Prime cuts of beef sizzle at The Silver Fox Steakhouse, where chef Jack Atkinson curates a menu packed with steak, seafood, and elegant American eats. Take a break from bench-pressing enormous bottles of wine to dine on the Cab Calloway fillet ($37)—8 ounces of seasoned meat topped with three shrimp—which arrives smothered in bordelaise sauce, much like the microphones that Calloway ate after each performance. The champagne mussels arrive cooked in garlic, onion, thyme, and cream sauce ($12), while fresh fruits de mer can be plucked from tiers of barramundi, ocean perch, scallops, and shrimp ($32).
The scrape of knives being sharpened, flames shooting from the teppanyaki grill?these are but two signs that another meal has begun at Hibachi Japanese Steakhouse. Here, chefs toss teriyaki salmon filets and 22-ounce rib eye steaks with housemade sauces and seasonings, all before diners' eyes. The feasts come complete with Japanese onion soup, salad, shrimp, and grilled veggies.
While hibachi chefs man their grills, sushi chefs artfully assemble 20 specialty and deep-fried rolls. The latter category features a roll named for the restaurant itself?the Hibachi?jam-packed with filet mignon and cream cheese. Raw specialties, meanwhile, include the Halloween roll, a mixture of spicy and white tuna topped with black tobiko, a tastier alternative to melted-down candy corn. Complemented by more than 10 cocktails, feasts unfold inside Hibachi's five eateries in Independence, Fairview Park, Mentor, Highland Heights, and Erie.
Homemade, cooked-to-order meals pair with a roster of 14 on-tap beers to bring a taste of the Emerald Isle to the East Coast. This cozy eatery is designed to replicate an authentic Irish pub, down to the front doors that creak in a thick brogue. Locals may relax with a pint at tables near the front of the pub, or move through dark French doors to sit in the dining room. Between bites and laughs, patrons shift their attention to six flat-screen TVs or the tunes scrolling across an Internet jukebox. Upstairs, a spacious banquet room plays host to parties, and outside, a covered patio accents summertime meals with warm breezes and the rustling of trees wrestling to get a better view of the pub's signature potato leek soup.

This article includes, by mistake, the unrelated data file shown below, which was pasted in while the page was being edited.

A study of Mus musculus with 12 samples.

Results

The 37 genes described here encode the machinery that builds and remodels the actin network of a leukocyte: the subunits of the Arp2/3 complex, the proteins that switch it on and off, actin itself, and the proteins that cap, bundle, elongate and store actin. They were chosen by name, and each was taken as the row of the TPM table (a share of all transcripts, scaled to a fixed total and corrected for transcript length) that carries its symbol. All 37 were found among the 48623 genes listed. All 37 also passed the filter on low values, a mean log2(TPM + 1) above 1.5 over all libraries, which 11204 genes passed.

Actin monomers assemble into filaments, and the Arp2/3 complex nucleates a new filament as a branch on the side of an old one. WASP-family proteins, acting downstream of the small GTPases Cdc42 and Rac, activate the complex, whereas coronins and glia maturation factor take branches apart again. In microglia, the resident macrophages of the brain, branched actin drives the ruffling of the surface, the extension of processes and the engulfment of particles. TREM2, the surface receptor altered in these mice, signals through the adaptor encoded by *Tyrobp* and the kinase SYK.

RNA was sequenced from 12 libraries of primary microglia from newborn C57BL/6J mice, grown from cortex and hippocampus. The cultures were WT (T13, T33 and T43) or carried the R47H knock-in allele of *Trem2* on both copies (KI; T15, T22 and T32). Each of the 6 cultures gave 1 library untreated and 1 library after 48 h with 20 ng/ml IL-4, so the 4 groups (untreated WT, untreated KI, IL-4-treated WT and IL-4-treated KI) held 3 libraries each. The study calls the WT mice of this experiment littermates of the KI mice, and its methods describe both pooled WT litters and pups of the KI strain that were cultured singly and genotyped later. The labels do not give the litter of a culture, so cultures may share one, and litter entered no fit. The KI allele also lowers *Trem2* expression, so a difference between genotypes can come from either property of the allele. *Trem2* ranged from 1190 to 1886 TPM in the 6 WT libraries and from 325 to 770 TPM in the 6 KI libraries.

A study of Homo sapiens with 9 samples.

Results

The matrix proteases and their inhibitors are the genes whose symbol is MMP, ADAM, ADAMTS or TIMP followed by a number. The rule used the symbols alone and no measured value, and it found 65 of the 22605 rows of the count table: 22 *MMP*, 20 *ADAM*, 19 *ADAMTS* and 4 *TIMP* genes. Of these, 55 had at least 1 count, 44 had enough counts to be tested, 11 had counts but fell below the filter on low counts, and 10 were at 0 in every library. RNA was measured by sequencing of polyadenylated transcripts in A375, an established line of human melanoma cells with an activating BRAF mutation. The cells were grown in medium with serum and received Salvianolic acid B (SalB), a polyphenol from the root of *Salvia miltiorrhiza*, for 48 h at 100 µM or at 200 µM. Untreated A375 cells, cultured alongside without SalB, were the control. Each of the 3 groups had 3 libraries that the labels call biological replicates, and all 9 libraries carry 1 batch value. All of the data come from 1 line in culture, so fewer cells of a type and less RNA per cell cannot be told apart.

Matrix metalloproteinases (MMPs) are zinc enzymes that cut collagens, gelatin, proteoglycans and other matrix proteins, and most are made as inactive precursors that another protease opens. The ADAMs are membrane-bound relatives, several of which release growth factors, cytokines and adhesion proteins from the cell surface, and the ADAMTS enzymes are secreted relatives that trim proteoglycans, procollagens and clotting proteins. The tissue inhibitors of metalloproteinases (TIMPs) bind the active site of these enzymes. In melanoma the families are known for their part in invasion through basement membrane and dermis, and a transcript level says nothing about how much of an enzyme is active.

Beneath the white siding, curved gables, and elegant green trim of an historic western New York home lies The Dove Restaurant, previously known as The Old Pony Post. Though owners Dina Mattiello and Sherry Davies come from different backgrounds, both were drawn to the idea of running a Italian Continental eatery. Their passion shows in the way they breathe new life into the same, signature family recipes. Signature dishes range from steaks?such as the chateaubriand for two, a pair of 10-ounce center-cut filets with vegetables and a duet of sauces?to pasta fagoli and shrimp scampi. Gluten-free dishes are also featured along side warm homemade breads and indulgent desserts.
Since 1967, Scotch 'n Sirloin's smoky scotches, sizzling steaks, and rustic cabin setting have made it a favorite destination for couples and ravenous lumberjacks alike. The kitchen grills up classic cuts including tender filet mignon and tangy teriyaki-marinated sirloin, and slow-roasts prime rib before plating it with sides such as baked potatoes and sweet potato fries. Besides beef, the restaurant also serves charbroiled lobster tail, center-cut pork chops, and hearty surf-and-turf platters. Bites are accompanied, naturally, by sips of fine scotches and bourbons.
Back in business after a fire in 2009, the Boston Hotel boasts a menu of USDA Choice steaks and prime rib, as well as sea scallops and lobster. The restaurant?s many fresh fish offerings get added attention on Fridays with specials that include a fresh haddock fish fry and linguini with fresh clam sauce. A selection of draft beers helps wash down entrees or enliven open-bar parties. Lunch hours are 10:30 a.m. to 3:30 p.m.